After ricocheting from one scandal to the next since his appointment, disgraced 26-County Minister Alan Shatter is to finally face a parliamentary motion of no confidence.
A belated retraction of his sniping condemnations of two Garda police whistleblowers -- two men who had bravely and correctly revealed corrupt practices in the force -- did not assuage public anger over his repressive handling of the Department of Justice.
This week brought a new and even graver scandal about illegal recordings by the Gardai police, of every conversation to and from major police stations since the early 1980s. Calls which were recorded and subsequently made available to prosecutors included confidential and privileged exchanges between defendants and their lawyers.
Although the practice was quietly terminated in November, Shatter continued to plead ignorance of the matter. Despite unprecedented pressure to resign, the wealthy barrister and landlord refused to apologise for his high-handed response to those two members of the force who first broached the issue of Garda corruption on motoring offences.
Mr Shatter had been widely criticised for the false accusation that whistleblowers Sergeant Maurice McCabe and ex-Garda John Wilson had ‘failed to cooperate’ with internal probes into the quashing of penalty points.
The remarks had been seen as an endorsement of those by Garda Commissioner Callinan, who had dramatically denounced the whistleblowers actions as “disgusting” before a parliamentary committee.
APOLOGY TOO LATE?
Callinan was effectively fired on Monday by the Taoiseach, Enda Kenny, leaving Shatter severely exposed.
In a statement to the Dail on Tuesday on the Garda inspectorate report on the force’s handling of motoring offences, Shatter finally apologised and said he hoped it would “put this matter to rest”.
“I acknowledge that this statement was incorrect. It was never my intention to mislead the House and I believe it is appropriate that I apologise to both and withdraw the statements made,” he said.
But the Opposition parties quickly reissued demands for the minister’s resignation, criticising his handling of a raft of issues, including the whistleblowers, penalty points, allegations of bugging at the police Ombudsman’s offices, and the phone recordings.
On Friday, Fianna Fail put down a motion of no-confidence in the Minister, hoping to flush out the position of the Labour Party, Fine Gael’s coalition partners.
The practice of recording privileged communications drew fresh international attention to the manner in which the 26 County justice system has been undermined by the policies of successive right-wing governments. Judgements by the Special (non-jury) and regular Criminal Courts, the outcomes of the various several tribunals of inquiry, as well as ongoing prosecutions, are all now in jeopardy.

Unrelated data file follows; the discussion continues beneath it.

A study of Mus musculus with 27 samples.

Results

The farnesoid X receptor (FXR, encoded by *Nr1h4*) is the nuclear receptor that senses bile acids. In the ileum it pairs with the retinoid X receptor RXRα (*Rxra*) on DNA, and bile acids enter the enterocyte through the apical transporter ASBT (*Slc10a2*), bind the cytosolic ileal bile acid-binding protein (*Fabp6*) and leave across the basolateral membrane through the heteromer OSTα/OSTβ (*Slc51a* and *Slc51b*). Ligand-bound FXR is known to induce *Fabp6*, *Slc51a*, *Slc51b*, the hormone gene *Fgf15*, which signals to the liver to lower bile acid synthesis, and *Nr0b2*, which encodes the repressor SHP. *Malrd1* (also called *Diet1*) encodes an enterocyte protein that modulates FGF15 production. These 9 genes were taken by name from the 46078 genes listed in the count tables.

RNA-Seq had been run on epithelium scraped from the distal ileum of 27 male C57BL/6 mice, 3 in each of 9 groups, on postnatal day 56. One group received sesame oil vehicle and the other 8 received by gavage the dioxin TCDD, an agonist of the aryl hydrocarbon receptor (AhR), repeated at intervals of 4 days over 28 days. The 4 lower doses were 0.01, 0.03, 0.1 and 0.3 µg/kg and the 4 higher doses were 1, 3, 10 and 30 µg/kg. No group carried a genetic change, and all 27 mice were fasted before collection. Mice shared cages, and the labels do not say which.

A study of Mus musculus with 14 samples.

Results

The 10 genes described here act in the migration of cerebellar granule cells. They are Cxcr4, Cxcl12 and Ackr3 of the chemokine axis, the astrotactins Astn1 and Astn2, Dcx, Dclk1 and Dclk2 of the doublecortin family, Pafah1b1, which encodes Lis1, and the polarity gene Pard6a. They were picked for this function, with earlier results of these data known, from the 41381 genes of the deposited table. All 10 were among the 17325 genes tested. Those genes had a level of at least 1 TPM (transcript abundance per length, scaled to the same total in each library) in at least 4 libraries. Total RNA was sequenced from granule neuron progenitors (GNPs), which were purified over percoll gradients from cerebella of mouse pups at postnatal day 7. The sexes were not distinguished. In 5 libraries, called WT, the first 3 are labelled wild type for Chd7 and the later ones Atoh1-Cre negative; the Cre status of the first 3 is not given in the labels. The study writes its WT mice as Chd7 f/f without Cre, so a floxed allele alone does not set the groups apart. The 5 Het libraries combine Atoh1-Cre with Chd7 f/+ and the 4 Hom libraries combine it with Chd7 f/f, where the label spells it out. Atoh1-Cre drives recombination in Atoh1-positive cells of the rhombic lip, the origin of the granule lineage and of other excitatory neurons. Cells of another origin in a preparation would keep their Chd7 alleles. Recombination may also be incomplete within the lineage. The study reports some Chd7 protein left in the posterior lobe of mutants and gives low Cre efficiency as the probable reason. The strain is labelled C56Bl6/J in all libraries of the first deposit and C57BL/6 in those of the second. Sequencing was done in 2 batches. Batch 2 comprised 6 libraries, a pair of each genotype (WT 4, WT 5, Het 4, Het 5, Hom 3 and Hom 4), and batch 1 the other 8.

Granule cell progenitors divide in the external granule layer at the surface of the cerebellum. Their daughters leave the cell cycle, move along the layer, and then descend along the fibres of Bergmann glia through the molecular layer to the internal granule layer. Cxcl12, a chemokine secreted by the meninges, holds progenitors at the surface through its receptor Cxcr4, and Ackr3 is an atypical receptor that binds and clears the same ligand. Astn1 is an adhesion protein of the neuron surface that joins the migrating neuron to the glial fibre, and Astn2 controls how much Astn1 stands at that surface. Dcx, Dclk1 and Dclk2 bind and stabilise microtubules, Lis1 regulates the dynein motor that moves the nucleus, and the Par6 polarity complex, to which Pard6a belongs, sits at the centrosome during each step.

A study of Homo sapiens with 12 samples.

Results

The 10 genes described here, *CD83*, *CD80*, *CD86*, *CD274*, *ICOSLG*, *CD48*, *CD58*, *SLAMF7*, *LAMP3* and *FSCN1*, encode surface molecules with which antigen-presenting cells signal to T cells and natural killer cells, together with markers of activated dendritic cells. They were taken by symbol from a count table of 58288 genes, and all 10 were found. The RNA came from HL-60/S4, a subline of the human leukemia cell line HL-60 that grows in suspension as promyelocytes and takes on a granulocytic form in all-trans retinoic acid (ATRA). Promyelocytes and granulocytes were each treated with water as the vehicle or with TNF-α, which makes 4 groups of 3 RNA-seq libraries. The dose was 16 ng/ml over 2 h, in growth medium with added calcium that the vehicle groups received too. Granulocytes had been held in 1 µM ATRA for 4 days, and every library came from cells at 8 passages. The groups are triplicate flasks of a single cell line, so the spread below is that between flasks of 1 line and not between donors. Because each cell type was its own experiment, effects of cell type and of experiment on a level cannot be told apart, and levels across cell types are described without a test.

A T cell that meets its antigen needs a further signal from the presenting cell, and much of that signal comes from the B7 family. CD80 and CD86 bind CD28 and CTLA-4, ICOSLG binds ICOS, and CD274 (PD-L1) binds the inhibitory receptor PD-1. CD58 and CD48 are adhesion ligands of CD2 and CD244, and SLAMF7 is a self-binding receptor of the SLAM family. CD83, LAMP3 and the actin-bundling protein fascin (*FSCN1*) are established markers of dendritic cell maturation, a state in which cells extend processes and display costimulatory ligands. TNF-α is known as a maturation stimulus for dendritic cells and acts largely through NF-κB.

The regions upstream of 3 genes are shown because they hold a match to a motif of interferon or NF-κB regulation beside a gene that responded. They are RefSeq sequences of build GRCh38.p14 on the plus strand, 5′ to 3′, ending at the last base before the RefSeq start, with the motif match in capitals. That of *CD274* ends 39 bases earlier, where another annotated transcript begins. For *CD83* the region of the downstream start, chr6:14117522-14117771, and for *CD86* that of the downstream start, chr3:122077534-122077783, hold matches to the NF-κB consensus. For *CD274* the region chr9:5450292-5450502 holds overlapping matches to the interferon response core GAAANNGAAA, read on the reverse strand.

The secret recording of phone calls began in a statist and anti-republican atmosphere at the height of the conflict in the Six Counties to record calls linked to the northern conflict, as well as emergency calls.
However, even after the IRA ceasefire in 1994, the technology was updated to allow the use of dictaphones, and gain in 2008, when it was upgraded to a digital system. Archived documents have shown that the system’s upgrades were approved by the Justice Minister of the day and involved considerable expense, as well as the recruitment of specialist technicians.
Lawyers in several high-profile legal cases over the past three decades are currently trying to determine whether their own communications were tapped. While reports in the mainstream media have sought to play down the significance of the tapings, there are growing calls for radical reform in the justice system.
Shatter has attempted to keep his job by insisting he only become aware of the issue on Tuesday afternoon -- but his pleadings fell on deaf ears when parliamentary documents were found that show he had himself raised the issue, as an opposition spokesman, as long ago as 2001.
Sinn Fein’s Padraig Mac Lochlainn accused Mr Shatter of a “succession of bad decisions” that had resulted in “untold damage to public confidence.”
Sinn Fein leader Gerry Adams there was a series of questions the government needed to answer in relation to how the tapings crisis was communicated and handled.
He said the coalition government should not feel it had gotten ‘off the hook’ following Shatter’s apology to the Garda whistle-blowers.
“Sinn Fein wants to see real and far-reaching reform of the Gardai, similar to the changes that we helped bring to policing in the North,” he said.
“There is a culture at the top of bad administration, lack of accountability and oversight mechanisms and transparency. This culture, evident in other institutions of the state betrays the sacrifice and integrity of rank and file Gardai.”